Since the Green Party became part of the Scottish Government alongside the SNP, many policies have changed for the worse.
One of the biggest differences is in the transport portfolio, particularly in the government's approach to car drivers.
Investment in roads used to be universally accepted as not only a necessity but an overwhelming positive.
Funding to improve roads boosts our economy. It increases productivity. It reduces accidents. It prevents potholes from ruining tyres. It lets people see family and friends more easily.
Every major political party in the country used to agree on those points. We may have disagreed on how to achieve improvements to our transport network, but we all held the same principle that better roads are good for Scotland.
However, the damaging influence of the Greens on the SNP has changed that. Now, improving roads is not a priority for the government. In fact, the SNP have become anti-driver. Motorists are now seen as an inconvenience.
This recent change of policy has already resulted in serious consequences for Borders residents.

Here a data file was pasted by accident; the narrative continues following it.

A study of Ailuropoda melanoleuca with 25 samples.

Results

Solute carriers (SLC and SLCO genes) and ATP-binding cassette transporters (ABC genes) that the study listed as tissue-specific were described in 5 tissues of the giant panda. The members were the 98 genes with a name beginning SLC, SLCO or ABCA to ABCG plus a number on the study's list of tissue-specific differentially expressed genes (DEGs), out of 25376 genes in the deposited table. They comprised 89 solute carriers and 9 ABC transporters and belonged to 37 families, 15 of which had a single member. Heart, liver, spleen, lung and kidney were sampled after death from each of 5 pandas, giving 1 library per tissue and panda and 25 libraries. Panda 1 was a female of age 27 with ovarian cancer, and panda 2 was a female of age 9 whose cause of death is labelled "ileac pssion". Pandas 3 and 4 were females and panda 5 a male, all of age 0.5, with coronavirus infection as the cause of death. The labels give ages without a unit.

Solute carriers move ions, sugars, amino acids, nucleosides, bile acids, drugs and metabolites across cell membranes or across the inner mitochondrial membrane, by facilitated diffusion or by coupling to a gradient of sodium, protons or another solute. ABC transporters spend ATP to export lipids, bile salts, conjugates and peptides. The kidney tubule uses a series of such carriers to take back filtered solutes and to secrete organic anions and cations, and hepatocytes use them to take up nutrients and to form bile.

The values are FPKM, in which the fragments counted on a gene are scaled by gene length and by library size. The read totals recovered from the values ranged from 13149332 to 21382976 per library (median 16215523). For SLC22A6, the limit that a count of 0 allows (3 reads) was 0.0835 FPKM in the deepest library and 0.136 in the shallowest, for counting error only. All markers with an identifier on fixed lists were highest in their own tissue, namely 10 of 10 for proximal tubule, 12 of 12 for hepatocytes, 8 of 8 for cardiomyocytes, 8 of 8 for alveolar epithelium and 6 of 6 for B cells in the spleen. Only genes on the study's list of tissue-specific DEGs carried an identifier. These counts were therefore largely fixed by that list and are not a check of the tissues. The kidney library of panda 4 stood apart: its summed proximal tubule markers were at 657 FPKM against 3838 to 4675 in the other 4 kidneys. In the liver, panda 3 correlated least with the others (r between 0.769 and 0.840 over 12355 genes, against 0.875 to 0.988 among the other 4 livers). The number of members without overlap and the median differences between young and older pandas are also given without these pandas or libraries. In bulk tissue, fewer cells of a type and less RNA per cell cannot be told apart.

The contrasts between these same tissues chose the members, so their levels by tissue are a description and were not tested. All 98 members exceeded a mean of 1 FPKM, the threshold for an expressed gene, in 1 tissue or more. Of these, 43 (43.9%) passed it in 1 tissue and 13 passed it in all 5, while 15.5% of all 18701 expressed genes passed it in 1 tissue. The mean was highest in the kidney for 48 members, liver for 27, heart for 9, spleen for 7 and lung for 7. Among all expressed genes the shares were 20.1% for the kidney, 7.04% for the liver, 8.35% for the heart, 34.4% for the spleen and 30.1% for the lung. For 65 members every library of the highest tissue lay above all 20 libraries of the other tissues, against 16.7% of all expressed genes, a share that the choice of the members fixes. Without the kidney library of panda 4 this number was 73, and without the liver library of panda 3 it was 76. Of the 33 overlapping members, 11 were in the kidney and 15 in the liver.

During my summer surgery tour, where I spoke to hundreds of local people at dozens of events across the Borders, problems with roads came up every day.
People raised the need to dual the A1. They brought up potholes plaguing our roads. They said the A68 and A7 needed improvements.
In many cases, they cited accidents they had witnessed, issues they had encountered personally, and real fears for what could happen if investment didn't occur.
I couldn't agree more because I understand how vital it is that we have good, safe roads across the Scottish Borders. Good roads are essential for our everyday lives, so we can get to work, meet with friends or visit family.
So, it is vital that the next Programme for Government, which will be set out by Humza Yousaf in just a few weeks time, includes promises to invest in important infrastructure, including routes like the A1 and A7, and a commitment to properly fund councils so they can repair local roads.
Anything else would show that the government is out-of-touch with the needs of people in rural areas and small towns and villages, who rely on their cars and can't simply switch to public transport.
So far, the SNP have chosen to side with the Greens on road investment. In the next year, I hope they will decide to side with motorists instead.